Apple TV’s Ted Lasso series has been a huge hit, not only for its entertaining and heartfelt storylines but also for Ted’s homespun, down-to-earth wisdom that he shares with his players, friends, and family.
One memorable piece of advice that resonates from Season 1 to the finale of Season 3 is encapsulated in the phrase "be a goldfish." In a pivotal moment during Season 1, Ted imparts this wisdom to Sam Obisanya, his star defender, after a challenging practice session. Observing Sam's frustration at being outplayed by his talented teammate Jamie Tartt, Ted pulls him aside and shares, "Sam, do you know what the happiest animal on earth is? It's a goldfish. Do you know why? It's got a ten-second memory. Be a goldfish!" This advice resurfaces in the Season 3 finale when Ted's son, Henry, misses a crucial shot on goal, prompting his father to remind him, "What do we say? Be a goldfish!"
Now whether goldfish have ten-second memories or not (recent studies at Oxford University apparently dispute this claim!) is irrelevant. The truth of Lasso’s advice remains—don’t dwell on mistakes for long. Learn from them, acknowledge the disappointment, but don’t let them define who you are. Rather move on. Look forward to the next moment, the next challenge, the next opportunity to do better.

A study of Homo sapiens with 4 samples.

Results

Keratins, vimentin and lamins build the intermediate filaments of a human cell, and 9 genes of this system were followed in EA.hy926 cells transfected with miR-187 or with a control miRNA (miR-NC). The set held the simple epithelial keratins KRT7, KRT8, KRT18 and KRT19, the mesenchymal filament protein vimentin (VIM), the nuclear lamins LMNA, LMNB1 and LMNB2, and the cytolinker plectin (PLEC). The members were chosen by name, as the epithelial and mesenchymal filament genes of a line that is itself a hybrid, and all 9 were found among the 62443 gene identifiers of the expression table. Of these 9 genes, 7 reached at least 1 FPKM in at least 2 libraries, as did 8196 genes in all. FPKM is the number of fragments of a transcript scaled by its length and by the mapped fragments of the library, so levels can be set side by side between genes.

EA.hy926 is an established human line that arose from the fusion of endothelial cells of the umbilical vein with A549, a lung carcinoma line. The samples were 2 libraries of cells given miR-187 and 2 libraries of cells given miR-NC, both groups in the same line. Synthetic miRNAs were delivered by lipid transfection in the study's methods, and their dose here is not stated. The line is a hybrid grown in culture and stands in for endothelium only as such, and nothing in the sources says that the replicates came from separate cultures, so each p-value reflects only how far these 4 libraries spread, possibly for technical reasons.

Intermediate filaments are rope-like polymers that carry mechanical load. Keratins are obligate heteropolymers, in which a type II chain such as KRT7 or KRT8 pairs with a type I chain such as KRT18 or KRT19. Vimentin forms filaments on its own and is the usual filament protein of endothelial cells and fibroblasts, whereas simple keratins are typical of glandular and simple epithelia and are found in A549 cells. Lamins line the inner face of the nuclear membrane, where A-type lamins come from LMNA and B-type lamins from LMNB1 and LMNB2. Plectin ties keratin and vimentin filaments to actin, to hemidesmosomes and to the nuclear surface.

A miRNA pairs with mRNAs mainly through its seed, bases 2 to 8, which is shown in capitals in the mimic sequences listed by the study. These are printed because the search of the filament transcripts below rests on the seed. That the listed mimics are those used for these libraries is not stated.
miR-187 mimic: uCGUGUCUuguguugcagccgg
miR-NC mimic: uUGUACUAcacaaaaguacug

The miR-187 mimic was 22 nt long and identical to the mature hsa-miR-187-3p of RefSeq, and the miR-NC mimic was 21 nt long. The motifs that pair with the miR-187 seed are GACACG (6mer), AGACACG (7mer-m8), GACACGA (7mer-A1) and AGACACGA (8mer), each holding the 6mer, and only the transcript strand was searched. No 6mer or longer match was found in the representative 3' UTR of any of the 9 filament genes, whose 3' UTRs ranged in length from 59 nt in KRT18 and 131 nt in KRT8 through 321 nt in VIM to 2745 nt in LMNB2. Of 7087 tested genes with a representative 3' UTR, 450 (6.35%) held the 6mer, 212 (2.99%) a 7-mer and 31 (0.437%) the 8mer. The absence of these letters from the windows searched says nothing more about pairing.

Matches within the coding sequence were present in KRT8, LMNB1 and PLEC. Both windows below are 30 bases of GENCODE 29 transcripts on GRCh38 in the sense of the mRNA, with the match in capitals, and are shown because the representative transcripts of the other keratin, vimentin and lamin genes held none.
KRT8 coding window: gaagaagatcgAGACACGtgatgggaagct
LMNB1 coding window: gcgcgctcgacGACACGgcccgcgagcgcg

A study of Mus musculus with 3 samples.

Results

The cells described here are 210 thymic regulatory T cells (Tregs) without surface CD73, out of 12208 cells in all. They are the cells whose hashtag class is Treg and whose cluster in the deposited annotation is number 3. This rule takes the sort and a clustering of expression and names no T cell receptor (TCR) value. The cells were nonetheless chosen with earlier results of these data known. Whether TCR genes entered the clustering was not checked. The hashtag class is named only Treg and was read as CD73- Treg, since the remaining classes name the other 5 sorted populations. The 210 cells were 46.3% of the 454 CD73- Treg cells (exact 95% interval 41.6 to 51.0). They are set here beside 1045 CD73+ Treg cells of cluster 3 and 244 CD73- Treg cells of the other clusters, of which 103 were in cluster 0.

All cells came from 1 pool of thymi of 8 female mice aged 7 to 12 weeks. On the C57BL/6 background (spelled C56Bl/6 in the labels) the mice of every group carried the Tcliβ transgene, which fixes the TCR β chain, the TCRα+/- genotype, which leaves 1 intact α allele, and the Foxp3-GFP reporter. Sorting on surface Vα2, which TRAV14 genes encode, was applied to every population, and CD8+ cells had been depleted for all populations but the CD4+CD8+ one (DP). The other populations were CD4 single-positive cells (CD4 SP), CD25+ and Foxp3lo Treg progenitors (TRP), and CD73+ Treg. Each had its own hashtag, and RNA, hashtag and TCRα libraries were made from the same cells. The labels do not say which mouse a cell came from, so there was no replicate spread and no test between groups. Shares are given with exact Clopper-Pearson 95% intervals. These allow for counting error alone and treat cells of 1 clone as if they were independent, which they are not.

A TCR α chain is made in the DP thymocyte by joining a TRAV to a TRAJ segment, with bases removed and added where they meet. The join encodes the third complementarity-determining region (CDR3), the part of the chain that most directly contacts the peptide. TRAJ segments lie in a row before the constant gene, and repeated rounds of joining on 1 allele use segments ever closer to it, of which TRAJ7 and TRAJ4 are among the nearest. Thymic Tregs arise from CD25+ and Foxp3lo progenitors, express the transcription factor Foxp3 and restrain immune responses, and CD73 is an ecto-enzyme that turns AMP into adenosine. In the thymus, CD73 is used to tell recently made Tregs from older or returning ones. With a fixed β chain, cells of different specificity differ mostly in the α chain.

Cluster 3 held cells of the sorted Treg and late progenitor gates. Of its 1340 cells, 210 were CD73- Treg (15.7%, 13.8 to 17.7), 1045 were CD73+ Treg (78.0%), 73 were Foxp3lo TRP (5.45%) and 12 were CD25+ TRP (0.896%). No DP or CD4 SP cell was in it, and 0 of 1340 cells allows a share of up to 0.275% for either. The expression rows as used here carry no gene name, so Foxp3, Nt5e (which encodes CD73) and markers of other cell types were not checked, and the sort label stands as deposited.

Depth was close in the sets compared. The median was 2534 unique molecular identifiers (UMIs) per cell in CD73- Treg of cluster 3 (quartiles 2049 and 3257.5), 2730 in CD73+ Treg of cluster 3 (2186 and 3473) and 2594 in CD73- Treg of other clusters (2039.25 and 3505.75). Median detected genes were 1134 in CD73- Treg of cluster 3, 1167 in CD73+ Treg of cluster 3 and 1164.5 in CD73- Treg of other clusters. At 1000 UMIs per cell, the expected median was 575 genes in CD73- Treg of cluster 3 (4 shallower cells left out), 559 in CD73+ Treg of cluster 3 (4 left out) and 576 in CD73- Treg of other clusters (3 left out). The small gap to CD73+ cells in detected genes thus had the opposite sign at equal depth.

As nonprofit leaders, as social change advocates, and yes, even as consultants, we make mistakes. We fail to follow-up in a timely, effective way, we misjudge a situation or a person, we miscalculate a budget line or project cost, we were wrong about the best way to implement a program. We are, after all, human, and we try our best to learn from and hopefully not repeat mistakes we have made in the past. We hope, moreover, to minimize as much as possible the negative effects of our mistakes. That is part of the learning process that comes with leadership. Mistakes are inevitable. It’s what we do with them and how we emerge out of them that matters most.
If Sam hadn’t have gone for the steal or Henry hadn’t taken the shot, the mistake might not have happened. The point was that they took risks that unfortunately didn’t result in success. Mistakes, missteps, missed opportunities are often the results of taking risks. But to be better soccer players, to be more effective nonprofit leaders, Sam, Henry, and we need to learn from those mistakes. Learn from them but not dwell on them. Let us be defined, not by our mistakes, but by how we react to them. Sam got up off the field and tried again. Henry took another shot on goal. They took risks again.
We have opportunities to do great things in and through our respective organizations. Are there risks? Absolutely. Will we make mistakes? Most certainly. How we react to them is key. Let’s go be goldfish!
Jeff Hensley is a Senior Advisor with Armstrong McGuire who specializes in building fundraising programs, major gift solicitation training, leadership coaching, and capacity and capital campaign assessment and management. Learn more about Jeff and check out his other musings in his bio.